Exchange guilt, fears and myrrh for forgiveness, divinity, mirth
So, did you get everything you wanted for Christmas? If not, I’ve got some good news. We’re still in the Christmas season! It doesn’t end liturgically until Sunday, Jan. 11, the feast of the Baptism of the Lord. The child grew fast! It’s not too late to get what you really want!
But what do we really want? Well, since we often have to return or exchange gifts, why not exchange the worst parts of our lives with the best parts of the gifts of the Magi. We just celebrated their arrival last Sunday on the feast of the Epiphany. (As I’ve said before, the Gospels have very different traditions. Luke has only shepherds visit the baby Jesus in the manger in Bethlehem. Matthew has only the Magi visit the child Jesus living in a home in Bethlehem.)
So what gifts shall we return for something better? I would suggest we exchange our guilt for the gold of forgiveness; exchange our fears for the frankincense of divinity; exchange myrrh for mirth! Let’s look at them separately.
We older Catholics, especially, joke a lot about “Catholic guilt.” Unfortunately, in my own life, as well as in hours and hours of confession and counseling, guilt is no joke. Really good people are often tortured with guilt. Psychologists call it obsessive compulsive disorder. We religious call it scrupulosity. It boils down to repetitive, self-critical thoughts that result in a near constant state of guilt.
We can’t change our genetic predisposition to anxiety and worry. But maybe we can try to simply trust that what Jesus said was true. He didn’t come into the world to condemn us. Guilt can only finally be healed by love.
So try in these final days of the Christmas season to give your guilt, over real or imagined sins, and worry, rational or irrational, to God. Exchange your guilt for the gold of forgiveness.
Ask yourself one simple question. Would you want a beloved son or daughter, relative or friend, to suffer? Obviously, the answer is no. Equally obviously, God doesn’t want us to suffer. Any time you feel guilt, simply let it go, and hold onto the gift of God’s love. Guilt only has the power we give it. Try giving up guilt and trusting God’s forgiveness. God’s forgiveness is infinitely powerful.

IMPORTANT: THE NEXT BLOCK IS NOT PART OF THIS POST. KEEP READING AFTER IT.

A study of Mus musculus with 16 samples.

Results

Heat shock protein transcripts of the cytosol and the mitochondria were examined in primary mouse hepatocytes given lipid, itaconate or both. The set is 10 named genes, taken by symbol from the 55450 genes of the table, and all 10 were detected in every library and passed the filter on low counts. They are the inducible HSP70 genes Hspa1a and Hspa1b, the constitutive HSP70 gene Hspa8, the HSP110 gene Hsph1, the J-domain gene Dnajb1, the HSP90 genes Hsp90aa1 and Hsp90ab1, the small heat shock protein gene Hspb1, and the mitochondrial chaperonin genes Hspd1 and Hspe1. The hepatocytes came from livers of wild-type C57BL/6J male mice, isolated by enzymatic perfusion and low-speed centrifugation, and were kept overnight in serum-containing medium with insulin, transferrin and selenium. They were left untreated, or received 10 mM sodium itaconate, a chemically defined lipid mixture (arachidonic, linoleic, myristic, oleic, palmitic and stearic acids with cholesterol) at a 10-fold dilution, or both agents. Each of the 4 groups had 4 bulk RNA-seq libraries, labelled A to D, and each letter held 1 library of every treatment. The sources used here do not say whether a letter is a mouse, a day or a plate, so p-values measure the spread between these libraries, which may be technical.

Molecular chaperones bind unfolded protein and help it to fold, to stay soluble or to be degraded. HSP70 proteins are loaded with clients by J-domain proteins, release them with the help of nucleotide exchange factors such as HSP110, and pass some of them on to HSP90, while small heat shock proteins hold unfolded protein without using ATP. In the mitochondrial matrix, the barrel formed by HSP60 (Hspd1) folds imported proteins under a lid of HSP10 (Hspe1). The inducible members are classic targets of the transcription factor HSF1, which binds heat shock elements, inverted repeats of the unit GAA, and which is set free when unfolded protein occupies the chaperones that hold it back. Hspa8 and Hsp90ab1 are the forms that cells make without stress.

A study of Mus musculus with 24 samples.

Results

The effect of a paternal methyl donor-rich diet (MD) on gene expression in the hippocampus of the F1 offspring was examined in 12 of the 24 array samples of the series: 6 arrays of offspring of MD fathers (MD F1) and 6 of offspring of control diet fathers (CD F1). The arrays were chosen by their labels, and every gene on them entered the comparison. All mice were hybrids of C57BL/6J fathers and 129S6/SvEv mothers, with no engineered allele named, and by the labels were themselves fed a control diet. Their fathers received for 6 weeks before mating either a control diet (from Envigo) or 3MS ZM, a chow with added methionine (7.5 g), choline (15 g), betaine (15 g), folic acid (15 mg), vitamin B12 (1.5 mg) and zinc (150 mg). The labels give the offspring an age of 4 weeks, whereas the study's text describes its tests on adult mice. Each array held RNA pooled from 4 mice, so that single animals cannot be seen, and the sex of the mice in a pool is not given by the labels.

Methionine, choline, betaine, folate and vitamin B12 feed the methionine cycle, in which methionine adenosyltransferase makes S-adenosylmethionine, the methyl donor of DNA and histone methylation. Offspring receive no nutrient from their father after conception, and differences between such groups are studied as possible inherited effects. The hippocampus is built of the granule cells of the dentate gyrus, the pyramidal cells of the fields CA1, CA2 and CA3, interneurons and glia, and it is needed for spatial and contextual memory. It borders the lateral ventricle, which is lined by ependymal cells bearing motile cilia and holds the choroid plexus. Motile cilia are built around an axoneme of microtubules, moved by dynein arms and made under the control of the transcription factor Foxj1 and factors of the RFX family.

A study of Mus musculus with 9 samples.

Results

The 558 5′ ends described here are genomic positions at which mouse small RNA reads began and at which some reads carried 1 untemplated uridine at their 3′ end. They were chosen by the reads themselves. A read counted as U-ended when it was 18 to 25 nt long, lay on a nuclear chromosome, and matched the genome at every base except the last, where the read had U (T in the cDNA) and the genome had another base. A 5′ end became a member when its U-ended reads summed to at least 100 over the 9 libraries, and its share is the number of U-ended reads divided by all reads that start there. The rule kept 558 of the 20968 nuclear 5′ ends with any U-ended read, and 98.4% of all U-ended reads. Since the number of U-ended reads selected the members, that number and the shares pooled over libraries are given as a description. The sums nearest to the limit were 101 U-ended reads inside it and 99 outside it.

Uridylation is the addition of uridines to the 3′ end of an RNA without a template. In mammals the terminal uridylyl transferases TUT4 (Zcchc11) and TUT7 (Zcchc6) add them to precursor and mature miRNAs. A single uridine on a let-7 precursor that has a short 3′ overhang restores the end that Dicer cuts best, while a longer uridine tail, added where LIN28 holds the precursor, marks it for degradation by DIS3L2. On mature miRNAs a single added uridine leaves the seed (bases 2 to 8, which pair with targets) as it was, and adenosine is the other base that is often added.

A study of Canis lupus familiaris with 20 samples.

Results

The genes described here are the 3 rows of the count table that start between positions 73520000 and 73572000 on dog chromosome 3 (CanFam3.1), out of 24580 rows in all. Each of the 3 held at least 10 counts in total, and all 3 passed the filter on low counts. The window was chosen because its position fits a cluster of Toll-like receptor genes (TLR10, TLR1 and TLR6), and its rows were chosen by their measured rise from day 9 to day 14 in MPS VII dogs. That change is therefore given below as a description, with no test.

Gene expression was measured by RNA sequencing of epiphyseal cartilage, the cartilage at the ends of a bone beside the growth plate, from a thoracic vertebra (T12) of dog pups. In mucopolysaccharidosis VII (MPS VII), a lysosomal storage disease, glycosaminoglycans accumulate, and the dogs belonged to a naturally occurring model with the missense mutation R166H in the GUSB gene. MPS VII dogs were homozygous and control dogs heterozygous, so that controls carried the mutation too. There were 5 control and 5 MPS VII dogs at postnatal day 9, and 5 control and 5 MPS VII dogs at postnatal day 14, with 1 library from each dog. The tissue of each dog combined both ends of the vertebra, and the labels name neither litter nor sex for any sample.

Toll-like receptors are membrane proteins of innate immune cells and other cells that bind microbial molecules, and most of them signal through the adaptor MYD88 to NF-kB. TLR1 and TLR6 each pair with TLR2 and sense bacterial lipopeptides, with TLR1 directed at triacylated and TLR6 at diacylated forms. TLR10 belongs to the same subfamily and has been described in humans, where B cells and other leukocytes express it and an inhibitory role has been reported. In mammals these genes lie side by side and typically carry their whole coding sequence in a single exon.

Second, exchange your fear for the frankincense of forgiveness. Frankincense, incense, is for God. Christmas is the story of you and I being given the gift of divinity. St. Augustine put it so well: “God became human that humans might become God!”
Fear, like guilt, can be both rational and irrational. Rational fear protects us from harm. If there’s a lion at your door, close the door! If fear says don’t jump out the window, don’t jump! But irrational fears can keep us from doing things, going places, trying new things. Trust the God within you to face down the fears within you!
Finally, exchange myrrh for mirth. Myrrh is a perfume used for anointing dead bodies. It symbolized Christ’s death. The same death, however, is a cause for mirth, joy, because now death has been defeated!
Our mortal bodies do wear out. We grieve the loss of so many wonderful people in our lives. We grieve the loss of beloved pets.
It would be a cruel God who would put a desire to live forever within us, and then deny that possibility! Christmas is the story of God’s entering human history to share our mortality in order for us to share God’s life and immortality! Ours is not a cruel God, but a loving God.
So let go of the things you don’t want – guilt, fear and death. And accept what you do want – forgiveness, love and the joy of eternal life. God is constantly offering them. We have only to accept them! Christmas really does come every day!